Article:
James Alfandre: How I’d use creativity, vision and excitement to reinvigorate Salt Lake City

I am not a career politician and, because of that, I have a fresh perspective.

(Leah Hogsten | The Salt Lake Tribune) Lighting and sound technicians climb scaffolding while setting up Granary Live's first venue in Salt Lake City's Granary District, Wednesday, June 14, 2023.

I am not a career politician and, because of that, I have a fresh perspective. It never occurred to me to run for City Council until last summer when Ellen Reddick, the Bonneville Hills Community Council Chair, and Steve Alder, a long-time neighborhood advocate, both implored me to join the race. My first response was: Absolutely not. I didn’t even know that this was an election year for District 6.

But after taking a couple of weeks to let the idea marinate in my Dad/business-owner/urban-planner brain, I realized that I am a highly qualified candidate to lead us into the future. And my roots run deep in District 6 — my ancestors helped settle the valley and my mother was born and raised in District 6, along with my wife, Jane, and her parents, Steve and Sue Ann. This place means so much to me and my family.

As an urban designer and housing policy expert, I have listened in on many City Council meetings and found myself continually questioning our current leadership. Where is the vision, creativity and excitement for what District 6 could be?

My 15-year career has been shaped by creativity, vision and excitement for reinvigorating Salt Lake City communities and neighborhoods like the Granary District. I use modern ideas mixed with respect for past proven methods of city planning to incorporate walkability, aesthetics, safety and pleasure within the neighborhood experience — all the while respecting the historical context of a place. Let’s protect and accentuate the charm of District 6 with its sidewalks full of kids walking to school, neighborhood events at Laird Park and weekly trips to Crema Foothill for treats. Our neighborhoods have been beautifully and thoughtfully designed in a way that makes District 6 unique.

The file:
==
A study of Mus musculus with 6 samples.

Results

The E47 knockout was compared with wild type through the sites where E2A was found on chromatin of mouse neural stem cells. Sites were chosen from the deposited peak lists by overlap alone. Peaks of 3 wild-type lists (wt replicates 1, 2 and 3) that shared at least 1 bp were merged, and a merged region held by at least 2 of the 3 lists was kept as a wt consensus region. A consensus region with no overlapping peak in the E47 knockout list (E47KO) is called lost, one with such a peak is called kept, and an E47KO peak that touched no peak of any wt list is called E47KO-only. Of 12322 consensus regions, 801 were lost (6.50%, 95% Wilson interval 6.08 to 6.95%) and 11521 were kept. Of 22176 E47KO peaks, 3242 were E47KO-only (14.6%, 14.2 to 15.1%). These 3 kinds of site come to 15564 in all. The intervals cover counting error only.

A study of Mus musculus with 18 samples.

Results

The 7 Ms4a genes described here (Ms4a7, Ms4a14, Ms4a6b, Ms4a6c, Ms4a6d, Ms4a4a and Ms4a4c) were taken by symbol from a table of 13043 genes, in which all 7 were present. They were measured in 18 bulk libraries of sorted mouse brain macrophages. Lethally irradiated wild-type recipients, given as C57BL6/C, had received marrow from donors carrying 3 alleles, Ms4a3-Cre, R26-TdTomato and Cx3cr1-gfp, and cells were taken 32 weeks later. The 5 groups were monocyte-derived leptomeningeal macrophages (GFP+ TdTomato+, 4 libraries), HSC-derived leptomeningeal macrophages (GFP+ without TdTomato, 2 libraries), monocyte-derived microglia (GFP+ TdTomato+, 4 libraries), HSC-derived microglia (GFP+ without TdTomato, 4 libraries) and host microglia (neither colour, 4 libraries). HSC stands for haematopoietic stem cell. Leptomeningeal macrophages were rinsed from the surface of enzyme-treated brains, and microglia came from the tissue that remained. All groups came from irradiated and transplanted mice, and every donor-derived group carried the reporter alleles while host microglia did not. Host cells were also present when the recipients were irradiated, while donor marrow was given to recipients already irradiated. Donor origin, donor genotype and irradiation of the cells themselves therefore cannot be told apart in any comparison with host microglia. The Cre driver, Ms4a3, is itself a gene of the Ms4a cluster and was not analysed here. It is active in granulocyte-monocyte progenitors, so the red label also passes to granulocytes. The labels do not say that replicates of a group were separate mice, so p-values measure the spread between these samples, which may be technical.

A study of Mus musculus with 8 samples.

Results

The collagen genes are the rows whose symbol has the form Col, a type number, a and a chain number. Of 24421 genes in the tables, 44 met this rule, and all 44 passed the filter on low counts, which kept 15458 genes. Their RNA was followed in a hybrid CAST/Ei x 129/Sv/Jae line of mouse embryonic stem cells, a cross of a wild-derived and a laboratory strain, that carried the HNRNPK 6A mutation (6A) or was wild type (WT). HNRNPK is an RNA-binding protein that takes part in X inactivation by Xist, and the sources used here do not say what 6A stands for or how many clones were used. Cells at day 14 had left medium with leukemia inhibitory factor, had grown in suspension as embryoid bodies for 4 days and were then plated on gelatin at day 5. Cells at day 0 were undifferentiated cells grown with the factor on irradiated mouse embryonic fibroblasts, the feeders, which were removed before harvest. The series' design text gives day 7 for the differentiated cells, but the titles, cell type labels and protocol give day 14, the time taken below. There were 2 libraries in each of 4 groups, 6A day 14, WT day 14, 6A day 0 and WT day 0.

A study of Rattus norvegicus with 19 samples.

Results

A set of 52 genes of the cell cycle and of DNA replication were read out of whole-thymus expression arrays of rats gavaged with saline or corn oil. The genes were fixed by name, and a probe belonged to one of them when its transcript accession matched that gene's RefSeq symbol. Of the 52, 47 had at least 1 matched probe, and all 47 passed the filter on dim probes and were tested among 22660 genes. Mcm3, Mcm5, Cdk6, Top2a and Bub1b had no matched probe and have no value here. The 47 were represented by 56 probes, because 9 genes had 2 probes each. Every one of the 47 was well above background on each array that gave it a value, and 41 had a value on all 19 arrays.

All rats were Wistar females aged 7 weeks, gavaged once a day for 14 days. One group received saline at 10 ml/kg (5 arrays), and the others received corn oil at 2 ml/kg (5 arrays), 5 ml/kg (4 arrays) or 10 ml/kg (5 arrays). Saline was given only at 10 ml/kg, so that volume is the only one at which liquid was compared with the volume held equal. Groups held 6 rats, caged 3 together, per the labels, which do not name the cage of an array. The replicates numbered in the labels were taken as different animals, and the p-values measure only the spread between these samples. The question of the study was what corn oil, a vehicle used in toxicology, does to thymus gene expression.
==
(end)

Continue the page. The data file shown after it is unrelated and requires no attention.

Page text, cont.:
But we are in a housing crunch now. We need a creative and professional mind to oversee growth so that it doesn’t destroy the beauty and quality of life that we enjoy here. I approach thoughtful growth with a creative perspective to enhance existing places in a way that makes people love to live there. We shouldn’t have to choose between tearing down single family homes and providing diverse housing options for young families, educators and public safety employees. We can do both — but need leaders like myself who have the expertise, passion, knowledge and vision to do it correctly.

The exploding homelessness crisis is absolutely sad and unacceptable, in my opinion. I experience this problem every day as I walk and bike around downtown for my work. I advocate for solutions that offer secure housing, food and health care to those experiencing homelessness. In this spirit, I support a sanctioned campsite downtown — close to addiction and mental health services — for those with no homes. This campsite will offer shelter and a secure environment for them while keeping our city and neighborhoods safe. We must also provide those suffering from drug addiction access to mental health care and safe facilities as well.

We badly need updated infrastructure and amenities to ensure that we grow gracefully. Instead of sitting on acres of vacant property, city leadership should be attracting more companies and businesses to our downtown. This would increase the tax base and would provide the funds we need to improve and update our infrastructure and amenities, while decreasing residents’ tax burden. My professional experience makes me the best candidate to do this.

I never imagined that I would run for political office, but my affection for this district has nudged me toward it. My kids are 4th-generation District Sixers, and I want them to be able to grow up and have the chance to raise their families here as well if they choose that.

Our city is exploding with growth and we are at a crossroads. We can either go down the unsteady trail we tiptoe down now, or we can elect someone like me who will meet these challenges with the passion and know-how to lay a strong foundation for the generations to come.

James Alfandre

James Alfandre has 15 years of experience as an award-winning urban designer and housing policy expert who cares deeply about healthy neighborhoods and this city that has been home to his family for generations. When he’s not working to improve the urban fabric of Salt Lake, you can find him recreating in the local Wasatch mountains with his wife and five incredible kids.